Who needs bipartisanship?

Nate Silver, the statistics guru who migrated from baseball to politics and runs the site FiveThirtyEight.com, notes that Barack Obama’s approval ratings have dropped and comes up with three things the president appears to have learned.

It’s #3 that may be the most signfiicant, because it’s less about him and more about us:


3. The benefits of “bipartisanship” are dubious. The public says they want bipartisanship, and a large majority of the public believes that Obama acted in a bipartisan fashion during the stimulus debate. And yet, his approval ratings fell significantly during this period.

There are, obviously, a lot of factors to keep in balance here, but more than anything else the public seems to be seeking strong leadership from Obama; they don’t want him to be deferential to either Congressional Democrats or Congressional Republicans.

So, are we done with the whole “working together” thing?

  • Larry DeVries

    There never was any bipartisanship. When Democrats talk about bipartisanship, they mean that Republicans must come to their positions and visa versa. What we really need is a balance between the parties. One legislative body or the other should be an opposition body. Unfortunately, when either party controls they whole government, they behave in unseemly behaviors. Look for the Democrats to have their share of corruption and scandal. It is virtually inevitable.

  • http://www.myspace.com/universaltruthmachine vtm
  • JohnnyZoom

    Why does this remind me of the “God Bless America” episode shortly after 9/11?

  • http://www.shotinthedark.info Mitch Berg

    Let’s hope “bipartisanship” is dead. For starters, it has never been that; when the Democratic Party is in power, it inevitably means “Republicans acting like Democrats” (As, indeed, it did when Bush had control of Congress; Bush spent like a Tip O’Neill Democrat).

    What Larry said. The point of having multiple parties is to have *debate* and *dissent*. Too much agreement (except where national security is at stake) is dangerous.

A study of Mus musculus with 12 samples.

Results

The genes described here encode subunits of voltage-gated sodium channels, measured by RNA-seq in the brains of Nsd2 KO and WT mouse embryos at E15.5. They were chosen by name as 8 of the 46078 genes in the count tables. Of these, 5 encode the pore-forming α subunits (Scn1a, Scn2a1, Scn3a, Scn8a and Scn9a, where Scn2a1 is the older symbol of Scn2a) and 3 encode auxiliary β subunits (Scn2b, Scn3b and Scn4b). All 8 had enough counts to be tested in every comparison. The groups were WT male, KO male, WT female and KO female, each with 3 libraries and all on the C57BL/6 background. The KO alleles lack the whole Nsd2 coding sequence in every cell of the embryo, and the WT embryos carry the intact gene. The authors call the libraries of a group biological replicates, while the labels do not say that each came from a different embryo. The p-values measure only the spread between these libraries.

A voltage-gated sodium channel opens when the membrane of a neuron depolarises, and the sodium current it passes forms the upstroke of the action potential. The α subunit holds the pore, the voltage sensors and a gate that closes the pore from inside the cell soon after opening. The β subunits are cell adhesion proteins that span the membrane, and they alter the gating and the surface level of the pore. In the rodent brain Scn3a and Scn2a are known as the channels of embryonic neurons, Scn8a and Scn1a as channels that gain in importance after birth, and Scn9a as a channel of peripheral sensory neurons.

Partisanship is good.

  • bsimon

    “The point of having multiple parties is to have *debate* and *dissent*.”

    Indeed. And it can be an effective system when the parties involved negotiate in good faith.

    In this case the President seems to be asking for bipartisan input in good faith – he seems to be sincerely interested in debating the merits of various alternatives for stimulating the economy. Congressional leadership, on the other hand, is having a difficult time breaking old habits – and I say that in a nonpartisan way; I think both D and R leadership leave much to be desired.

  • Paul

    I know this is going to sound partisan, but remember I am NOT a democrat. As near as I can tell, Republican’s have created this mess (with the occasional support of republocrats like Bill Clinton) with their idiotic magic plan economics. The Republican agenda is to erase the 20th century and they are still pursuing that agenda. I’m tired of watching these jerks screwing up my country and I want to see results. I want health care fixed, I want the disparity of wealth diminished, I want an economy organized around good paying jobs with good benefits instead being organized around investors and banks. I’m sick of A-Hole’s turning personal opinions about abortion, religion, and “values” into wedge issues that render any intelligent discussion of legitimate public policy issue impossible- I want this stopped.

    Now, I want results. As long as it’s legal and constitutional I don’t care if it’s bipartisan. I’m not impressed by any attempts to make nice with jerks who boast about screwing the constituents they’re supposed to be representing. These guys that don’t want aid to the states… fine, don’t send aid to their states- let em live the dream of small government and local control.

    At the end of the day people respond to results, they’re not gonna care whether or not it was done in a bipartisan way. It would be nice if some day we have two parties who are both centered in reality, and interested in solving and developing good policy for the nation, but we got what we got now and if you’re not part of the solution your part of the problem.